This image shows the result of two numerical simulations predicting the distribution of dark matter around a galaxy similar to our Milky Way. The left panel assumes that dark matter particles were moving fast in the early universe (warm dark matter), while the right panel assumes that dark matter particles were moving slowly (cold dark matter). The warm dark matter model predicts many fewer small clumps of dark matter surrounding our galaxy and thus many fewer satellite galaxies that inhabit these small clumps of dark matter. By measuring the number of satellite galaxies, scientists can distinguish between these models of dark matter. Image: Bullock and Boylan-Kolchin (2017); simulations by V. Robles, T. Kelley and B. Bozek, in collaboration with Bullock and Boylan-Kolchin.
Scientists in the Dark Energy Survey released results that have been five years in the making
. Researchers used the world’s most complete census of dwarf galaxies around our Milky Way galaxy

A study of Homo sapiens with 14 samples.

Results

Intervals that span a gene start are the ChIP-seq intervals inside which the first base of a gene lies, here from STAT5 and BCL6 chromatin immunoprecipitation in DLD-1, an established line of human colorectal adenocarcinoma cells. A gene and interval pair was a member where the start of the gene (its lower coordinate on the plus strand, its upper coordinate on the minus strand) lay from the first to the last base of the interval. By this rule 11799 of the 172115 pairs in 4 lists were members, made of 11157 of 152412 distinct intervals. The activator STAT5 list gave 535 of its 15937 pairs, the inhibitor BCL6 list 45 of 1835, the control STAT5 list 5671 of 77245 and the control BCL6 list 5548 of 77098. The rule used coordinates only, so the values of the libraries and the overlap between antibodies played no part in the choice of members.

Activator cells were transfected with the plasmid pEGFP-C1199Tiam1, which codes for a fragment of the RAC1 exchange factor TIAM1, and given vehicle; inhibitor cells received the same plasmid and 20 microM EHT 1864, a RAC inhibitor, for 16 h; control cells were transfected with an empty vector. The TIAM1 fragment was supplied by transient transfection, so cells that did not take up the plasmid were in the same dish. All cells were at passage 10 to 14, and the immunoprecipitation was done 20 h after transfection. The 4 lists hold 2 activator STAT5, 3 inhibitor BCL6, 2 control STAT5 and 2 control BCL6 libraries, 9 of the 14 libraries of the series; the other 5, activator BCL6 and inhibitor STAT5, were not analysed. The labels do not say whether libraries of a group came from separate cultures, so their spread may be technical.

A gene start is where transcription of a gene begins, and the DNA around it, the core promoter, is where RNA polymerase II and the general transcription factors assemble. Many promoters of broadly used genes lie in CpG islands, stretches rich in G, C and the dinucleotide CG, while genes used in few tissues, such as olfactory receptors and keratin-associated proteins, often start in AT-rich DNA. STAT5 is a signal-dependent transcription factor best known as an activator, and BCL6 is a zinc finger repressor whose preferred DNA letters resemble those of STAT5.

to probe the nature of dark matter, an invisible form of matter that dominates the universe. These new measurements provide information about what dark matter can and cannot be made of.
In particular, the new results constrain the minimum mass of the dark matter particles, as well as the strength of interactions between dark matter and normal matter.
According to these new results, a dark matter particle must be heavier than a zeptoelectronvolt, which is 10-21 electronvolts. That’s one trillionth of a trillionth of the mass of an electron. This study also shows that dark matter’s interactions with normal matter must be roughly 1,000 times weaker than the weak nuclear force. Of the known forces, only gravity is weaker.